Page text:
A place for Urdu

Aparna Srivastava Reddy

Mushaira Jashn-e-Bahar had poets coming from Pakistan, Saudi Arabia and Afghanistan
Mushaira Jashn-e-Bahar had poets coming from Pakistan, Saudi Arabia and Afghanistan

They say it is a dying language. But, is it? Urdu, the language in which poetry was composed even before prose was written, which was the language of courts and high office till just a few decades back — is ready to evolve with the times, to stay alive. One often hears the lament in literary circles that Urdu is dying. Perhaps the traditional ways of reading, enjoying and even learning Urdu are in a decline. But the language is finding new avenues, new creative solutions to sustain itself.

A rain laden August weekend. The capital’s Siri Fort Auditorium that is known as a hub for cinema fests and music evenings, plays host to a mushaira for the first time. Mushaira Jashn-e-Bahar has got together the cr`E8me of poets not just from India and Pakistan but from Saudi Arabia and Afghanistan, too.

Afghan poet M. Afsar Rahbeen, whose poignant verses in Urdu at the mushaira touch a chord with the audience, says he learnt the language by watching Indian films, TV and listening to All India Radio. He says being at the mushaira was a rewarding experience. "It was good to see Urdu poetry’s appeal cutting across all sections of Indian society."

One could see a good sprinkling of young college goers amid the academics, the glitterati and the old city enthusiasts that evening. "I am here to listen to Nida Fazli and Ahmad Faraz," said Anjum who studies history at Delhi University. The big names of contemporary Urdu poetry, be it from India or Pakistan, are big draws.

There are school goers too. One young lad accompanying his grandfather keeps disturbing him as he asks for the meaning of this word and that. "After my board exams, I am sure going to learn to read Urdu," he is heard saying as he enjoys the kebabs at the stall outside.

Rakhi had come along with her cousins from Lucknow. Azm Behzad, the grandson of the great Urdu poet Behzad Lucknawi, who was here from Karachi, was the draw. "Pahle apni khwahishon ko hamne har jaanib bikhera; ab unhe hasratzadaa palkon se chun-na chahte hain" (I let my wishes take wing and spread them far and wide, now I want to gather them all back to my anxious heart), Behzad does not let them down.

They listened intently, applauded and asked for more. Urdu, at least Urdu poetry, seemed to be live and thriving.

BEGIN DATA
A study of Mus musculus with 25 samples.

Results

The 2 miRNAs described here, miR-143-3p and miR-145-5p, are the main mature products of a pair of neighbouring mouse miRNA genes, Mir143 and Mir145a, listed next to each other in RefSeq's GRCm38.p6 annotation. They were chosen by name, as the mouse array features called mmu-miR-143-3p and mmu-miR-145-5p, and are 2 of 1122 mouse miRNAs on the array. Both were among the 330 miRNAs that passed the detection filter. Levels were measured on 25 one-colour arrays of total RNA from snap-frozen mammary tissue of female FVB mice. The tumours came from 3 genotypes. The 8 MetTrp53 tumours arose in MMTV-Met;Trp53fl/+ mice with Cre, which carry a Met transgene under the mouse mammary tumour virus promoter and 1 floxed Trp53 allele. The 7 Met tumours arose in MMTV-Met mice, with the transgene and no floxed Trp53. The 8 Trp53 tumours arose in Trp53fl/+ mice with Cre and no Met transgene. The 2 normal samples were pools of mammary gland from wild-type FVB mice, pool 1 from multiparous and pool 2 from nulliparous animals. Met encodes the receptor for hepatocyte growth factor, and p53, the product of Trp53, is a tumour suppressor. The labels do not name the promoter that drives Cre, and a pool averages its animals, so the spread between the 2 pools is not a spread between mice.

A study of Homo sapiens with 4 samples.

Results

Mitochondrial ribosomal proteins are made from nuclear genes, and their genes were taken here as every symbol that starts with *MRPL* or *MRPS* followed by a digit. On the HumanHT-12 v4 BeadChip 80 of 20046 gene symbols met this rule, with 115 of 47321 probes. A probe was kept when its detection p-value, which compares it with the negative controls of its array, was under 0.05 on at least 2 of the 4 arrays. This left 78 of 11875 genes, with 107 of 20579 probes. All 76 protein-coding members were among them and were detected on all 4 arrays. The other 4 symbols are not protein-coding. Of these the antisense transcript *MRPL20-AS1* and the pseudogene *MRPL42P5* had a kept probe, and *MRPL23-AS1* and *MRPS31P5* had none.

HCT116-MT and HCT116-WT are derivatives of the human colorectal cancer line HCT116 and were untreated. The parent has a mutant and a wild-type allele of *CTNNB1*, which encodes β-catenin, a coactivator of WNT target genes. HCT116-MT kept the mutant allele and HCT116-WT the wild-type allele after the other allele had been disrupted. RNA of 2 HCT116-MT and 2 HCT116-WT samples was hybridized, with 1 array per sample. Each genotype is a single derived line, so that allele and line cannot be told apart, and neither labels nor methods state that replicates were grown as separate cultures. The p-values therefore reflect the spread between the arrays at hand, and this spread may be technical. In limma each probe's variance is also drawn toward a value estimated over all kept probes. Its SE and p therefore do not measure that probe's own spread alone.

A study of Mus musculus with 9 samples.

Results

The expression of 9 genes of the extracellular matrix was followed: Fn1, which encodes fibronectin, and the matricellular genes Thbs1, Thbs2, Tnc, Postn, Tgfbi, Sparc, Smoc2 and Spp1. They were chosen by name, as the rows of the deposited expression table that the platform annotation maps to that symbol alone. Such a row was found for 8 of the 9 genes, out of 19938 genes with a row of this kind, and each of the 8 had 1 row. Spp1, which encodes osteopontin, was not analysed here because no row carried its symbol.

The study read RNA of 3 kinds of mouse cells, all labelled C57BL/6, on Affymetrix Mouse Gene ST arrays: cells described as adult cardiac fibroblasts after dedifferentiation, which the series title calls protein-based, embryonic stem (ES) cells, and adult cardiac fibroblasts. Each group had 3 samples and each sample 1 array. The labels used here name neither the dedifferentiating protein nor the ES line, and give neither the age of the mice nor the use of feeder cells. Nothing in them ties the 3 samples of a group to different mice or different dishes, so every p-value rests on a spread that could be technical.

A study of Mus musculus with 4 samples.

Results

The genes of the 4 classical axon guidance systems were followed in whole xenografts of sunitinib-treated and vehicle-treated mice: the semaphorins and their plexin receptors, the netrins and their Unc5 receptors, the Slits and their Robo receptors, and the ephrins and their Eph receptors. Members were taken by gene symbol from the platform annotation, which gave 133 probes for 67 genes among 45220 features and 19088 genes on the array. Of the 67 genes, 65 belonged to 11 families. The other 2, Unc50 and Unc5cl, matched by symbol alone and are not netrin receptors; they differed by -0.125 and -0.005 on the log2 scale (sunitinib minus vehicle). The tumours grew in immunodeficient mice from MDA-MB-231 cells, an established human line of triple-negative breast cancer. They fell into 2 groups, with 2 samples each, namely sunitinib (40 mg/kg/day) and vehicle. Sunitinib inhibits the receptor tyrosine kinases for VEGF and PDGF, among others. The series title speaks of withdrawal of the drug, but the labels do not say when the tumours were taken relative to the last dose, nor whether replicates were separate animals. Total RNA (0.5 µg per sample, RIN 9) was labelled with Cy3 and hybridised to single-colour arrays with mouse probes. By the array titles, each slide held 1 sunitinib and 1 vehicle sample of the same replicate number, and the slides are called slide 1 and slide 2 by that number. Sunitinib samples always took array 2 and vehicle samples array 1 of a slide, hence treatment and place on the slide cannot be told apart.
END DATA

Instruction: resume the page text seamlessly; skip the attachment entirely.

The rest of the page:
Sixty years ago Urdu yielded place to Hindi. Independent India opted for Hindi as Pakistan gave Urdu the status of national language. Over the years, Urdu also got identified with Muslims and went off the syllabi of most schools and educational institutions. Yet, Urdu is second only to Hindi in the number of speakers and the first language of Bollywood.

Urdu was born as a lingua franca as the Mughal army got together various linguistic groups. In fact the word ‘Urdu’ itself means ‘army’. Once again it is cutting across boundaries. Just Google ‘Urdu’ on the Net. More than 26 lakh sites show up that define the language, teach you how to read it, present compilations of the famed Urdu poetry and blog over the latest.

What poses the biggest barrier to the spread of Urdu today is the ‘nasta’liq’or the script. In India, few are able to read Urdu but hardly any sentence in modern day Hindustani will be complete without an Urdu word.

Kaamna Prasad, the founder of Jashn-e-Bahar Trust and a noted Urdu activist believes that this language is not a slave to its script and "its not dying." She organises an international mushaira every year, publishes the verses of chosen Urdu poets in Devanagari among many other activities to promote the language. A collection of the verses of Meer Taqi ‘Meer’, one of Urdu’s greatest, is the latest offering from Prasad’s JIya Prakashan.

Here to participate in the mushaira Jashn-e-Bahar, Sagar Khayyami, who is often hailed as the last of India’s great Urdu satirists, says Urdu lives in the hearts of people and stands for the richness of our composite culture.

Ahmad Faraz, the top name in Urdu poetry from Pakistan, agrees that Urdu shayari is a culture, it is a civilisation.

And Omar Salem Al Aidroos, an Arab from Jeddah, and a rather unusual practitioner of the art of Urdu, reads a shair — "Urdu zubaan ka kitnaa hasin gulistaan hai; ab Meer ki nahi yeh sabhi ki Zubaan hai." (Urdu is blooming, it’s not just the language of Meer anymore, it belongs to everyone).